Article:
Electric car manufacturer Tesla takes on Gulf gas guzzlers
DUBAI - Electric carmaker Tesla announced the opening of a new Gulf headquarters Monday in Dubai, aiming to conquer an oil-rich region better known for gas guzzlers than environmentally friendly motoring.
Elon Musk, the co-founder and chief executive of the American firm seeking to revolutionise the electric car market, was in the affluent city state to oversee the launch of the Gulf sales push.
"The time seems to be good to really make a significant debut in this region starting from Dubai," Musk told the World Government Summit under way in the emirate.
Dubai's official Media Office said that Musk met UAE Prime Minister Sheikh Mohammed bin Rashid al-Maktoum, who welcomed Tesla's decision to set up its regional headquarters in the city state.
Sheikh Mohammed, who is also the ruler of Dubai, instructed local authorities to provide Tesla "with the services and logistic support" it needs, said the Media Office.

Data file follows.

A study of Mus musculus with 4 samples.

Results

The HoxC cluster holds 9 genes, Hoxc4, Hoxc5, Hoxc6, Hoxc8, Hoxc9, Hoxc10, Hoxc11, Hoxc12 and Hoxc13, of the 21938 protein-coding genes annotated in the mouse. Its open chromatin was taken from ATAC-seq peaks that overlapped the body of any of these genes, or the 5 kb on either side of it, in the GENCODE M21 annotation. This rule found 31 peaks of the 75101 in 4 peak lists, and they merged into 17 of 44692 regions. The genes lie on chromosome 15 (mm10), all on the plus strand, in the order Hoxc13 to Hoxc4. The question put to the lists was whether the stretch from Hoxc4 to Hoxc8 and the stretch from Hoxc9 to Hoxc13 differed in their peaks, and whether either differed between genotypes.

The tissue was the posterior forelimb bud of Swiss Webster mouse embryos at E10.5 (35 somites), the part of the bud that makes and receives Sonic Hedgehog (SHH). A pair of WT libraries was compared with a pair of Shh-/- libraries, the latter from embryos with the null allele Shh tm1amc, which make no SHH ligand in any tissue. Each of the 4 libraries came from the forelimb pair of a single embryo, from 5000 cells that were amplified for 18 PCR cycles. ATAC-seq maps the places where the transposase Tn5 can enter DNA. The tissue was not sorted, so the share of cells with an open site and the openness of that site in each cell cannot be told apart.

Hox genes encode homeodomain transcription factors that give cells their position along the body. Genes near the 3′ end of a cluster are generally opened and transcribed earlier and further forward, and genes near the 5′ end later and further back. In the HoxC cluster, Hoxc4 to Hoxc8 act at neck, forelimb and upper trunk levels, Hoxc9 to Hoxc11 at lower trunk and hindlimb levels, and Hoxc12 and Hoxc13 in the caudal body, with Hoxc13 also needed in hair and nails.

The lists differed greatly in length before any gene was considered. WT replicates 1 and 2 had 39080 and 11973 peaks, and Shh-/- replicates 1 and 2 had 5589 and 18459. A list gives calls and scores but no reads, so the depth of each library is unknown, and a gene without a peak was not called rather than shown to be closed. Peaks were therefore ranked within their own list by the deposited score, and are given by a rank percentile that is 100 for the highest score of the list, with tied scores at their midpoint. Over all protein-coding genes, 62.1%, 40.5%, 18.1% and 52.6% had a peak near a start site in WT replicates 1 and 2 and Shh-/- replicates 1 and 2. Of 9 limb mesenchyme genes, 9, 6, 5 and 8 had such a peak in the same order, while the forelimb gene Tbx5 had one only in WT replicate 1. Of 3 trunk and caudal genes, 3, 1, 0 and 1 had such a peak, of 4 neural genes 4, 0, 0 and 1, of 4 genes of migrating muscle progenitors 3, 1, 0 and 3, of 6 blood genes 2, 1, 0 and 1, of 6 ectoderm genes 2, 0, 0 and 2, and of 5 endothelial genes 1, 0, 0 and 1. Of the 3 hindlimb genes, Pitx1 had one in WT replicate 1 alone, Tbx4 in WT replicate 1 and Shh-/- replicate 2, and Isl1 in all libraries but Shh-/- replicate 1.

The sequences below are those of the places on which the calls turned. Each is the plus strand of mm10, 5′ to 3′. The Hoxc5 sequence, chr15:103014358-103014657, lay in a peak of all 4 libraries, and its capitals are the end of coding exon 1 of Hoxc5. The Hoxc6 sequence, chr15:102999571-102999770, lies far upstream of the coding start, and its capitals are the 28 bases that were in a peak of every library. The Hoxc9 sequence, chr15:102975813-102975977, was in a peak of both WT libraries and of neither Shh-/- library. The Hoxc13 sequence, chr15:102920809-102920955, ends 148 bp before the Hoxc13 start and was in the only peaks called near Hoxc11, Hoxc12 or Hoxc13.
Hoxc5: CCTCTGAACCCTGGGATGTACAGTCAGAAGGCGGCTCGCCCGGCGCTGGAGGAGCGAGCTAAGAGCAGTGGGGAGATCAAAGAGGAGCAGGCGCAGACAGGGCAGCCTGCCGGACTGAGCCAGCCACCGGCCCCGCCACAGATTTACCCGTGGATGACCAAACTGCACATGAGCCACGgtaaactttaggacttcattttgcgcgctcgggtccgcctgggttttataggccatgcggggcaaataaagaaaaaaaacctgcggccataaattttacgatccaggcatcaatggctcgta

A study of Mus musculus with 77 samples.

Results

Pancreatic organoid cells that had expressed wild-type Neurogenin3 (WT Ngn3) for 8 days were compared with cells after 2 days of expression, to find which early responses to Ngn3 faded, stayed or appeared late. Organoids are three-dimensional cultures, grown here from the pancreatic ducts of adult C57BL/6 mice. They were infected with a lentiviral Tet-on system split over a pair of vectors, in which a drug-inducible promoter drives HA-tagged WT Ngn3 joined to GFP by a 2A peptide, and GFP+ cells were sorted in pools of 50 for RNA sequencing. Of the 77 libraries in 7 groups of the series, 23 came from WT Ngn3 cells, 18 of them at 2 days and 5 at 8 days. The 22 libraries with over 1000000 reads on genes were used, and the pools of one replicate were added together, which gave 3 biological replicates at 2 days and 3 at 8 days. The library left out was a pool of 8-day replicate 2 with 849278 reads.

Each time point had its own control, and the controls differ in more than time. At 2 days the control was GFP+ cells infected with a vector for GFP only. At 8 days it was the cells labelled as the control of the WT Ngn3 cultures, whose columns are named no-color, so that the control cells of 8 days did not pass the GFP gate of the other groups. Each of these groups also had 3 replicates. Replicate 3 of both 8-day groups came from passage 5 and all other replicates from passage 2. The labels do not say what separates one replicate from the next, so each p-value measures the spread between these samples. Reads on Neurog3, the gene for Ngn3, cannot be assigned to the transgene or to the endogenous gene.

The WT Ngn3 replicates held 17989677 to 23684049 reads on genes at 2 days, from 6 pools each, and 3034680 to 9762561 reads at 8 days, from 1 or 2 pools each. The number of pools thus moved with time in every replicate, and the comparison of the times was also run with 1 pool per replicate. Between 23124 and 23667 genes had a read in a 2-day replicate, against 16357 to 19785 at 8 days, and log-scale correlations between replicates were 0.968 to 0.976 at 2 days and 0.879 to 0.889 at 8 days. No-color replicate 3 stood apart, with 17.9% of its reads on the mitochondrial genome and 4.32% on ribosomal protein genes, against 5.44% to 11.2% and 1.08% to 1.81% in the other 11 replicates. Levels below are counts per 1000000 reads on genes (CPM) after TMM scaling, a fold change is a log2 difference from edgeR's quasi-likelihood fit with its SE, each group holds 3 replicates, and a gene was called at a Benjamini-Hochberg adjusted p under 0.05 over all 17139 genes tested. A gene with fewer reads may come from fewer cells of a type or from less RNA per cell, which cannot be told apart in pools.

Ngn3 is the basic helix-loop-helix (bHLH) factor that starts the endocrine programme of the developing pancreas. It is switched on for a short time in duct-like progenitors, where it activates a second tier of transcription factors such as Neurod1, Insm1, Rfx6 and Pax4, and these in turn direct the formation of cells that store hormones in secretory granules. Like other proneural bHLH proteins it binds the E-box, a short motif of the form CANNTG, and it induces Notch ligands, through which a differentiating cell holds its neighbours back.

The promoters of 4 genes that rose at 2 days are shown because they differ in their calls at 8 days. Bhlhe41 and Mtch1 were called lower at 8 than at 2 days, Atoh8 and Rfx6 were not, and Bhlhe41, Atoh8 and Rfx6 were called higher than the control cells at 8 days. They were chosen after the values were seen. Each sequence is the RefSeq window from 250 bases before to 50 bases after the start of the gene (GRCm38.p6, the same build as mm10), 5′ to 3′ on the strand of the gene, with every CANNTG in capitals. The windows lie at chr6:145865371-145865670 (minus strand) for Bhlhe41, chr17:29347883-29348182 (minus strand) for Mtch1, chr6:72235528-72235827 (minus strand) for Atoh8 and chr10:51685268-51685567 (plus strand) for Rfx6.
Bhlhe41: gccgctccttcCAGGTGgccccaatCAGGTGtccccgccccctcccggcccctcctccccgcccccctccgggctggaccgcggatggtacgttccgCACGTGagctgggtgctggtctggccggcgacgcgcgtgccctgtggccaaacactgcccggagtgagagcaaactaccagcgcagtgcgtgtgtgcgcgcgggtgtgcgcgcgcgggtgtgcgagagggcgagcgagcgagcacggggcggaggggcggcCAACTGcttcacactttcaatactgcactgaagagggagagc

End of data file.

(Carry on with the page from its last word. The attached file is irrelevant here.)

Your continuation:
Dubai is one of seven emirates that make up the United Arab Emirates.
Once a sleepy fishing town, it has evolved into a regional business hub and a tourist magnet, thanks to huge investments in luxury resorts and shopping malls.
The emirate, seen as the most diversified in the Gulf, has a population of 2.5 million people, most of them expatriates.
Despite a state-of-the art metro, many people in Dubai and across the energy-rich Gulf region prefer to get around in SUVs or other luxury cars known to burn a lot of petrol.
Official figures released by Dubai's Roads and Transport Authority in 2015 showed that the number of vehicles in Dubai had doubled over the past eight years, leaving the Gulf emirate with more cars per person than New York or London.
If that trend continues, the number of vehicles registered could reach 2.2 million by 2020, when the emirate is due to host the Expo international trade fair.
Tesla announced last year plans to build self-driving technology into all its electric cars.
"My guess is probably that in 10 years it will be very unusual for cars to be built that are not fully autonomous," Musk told the Dubai summit on Monday.
"I think almost all cars built will be capable of full autonomy in about 10 years."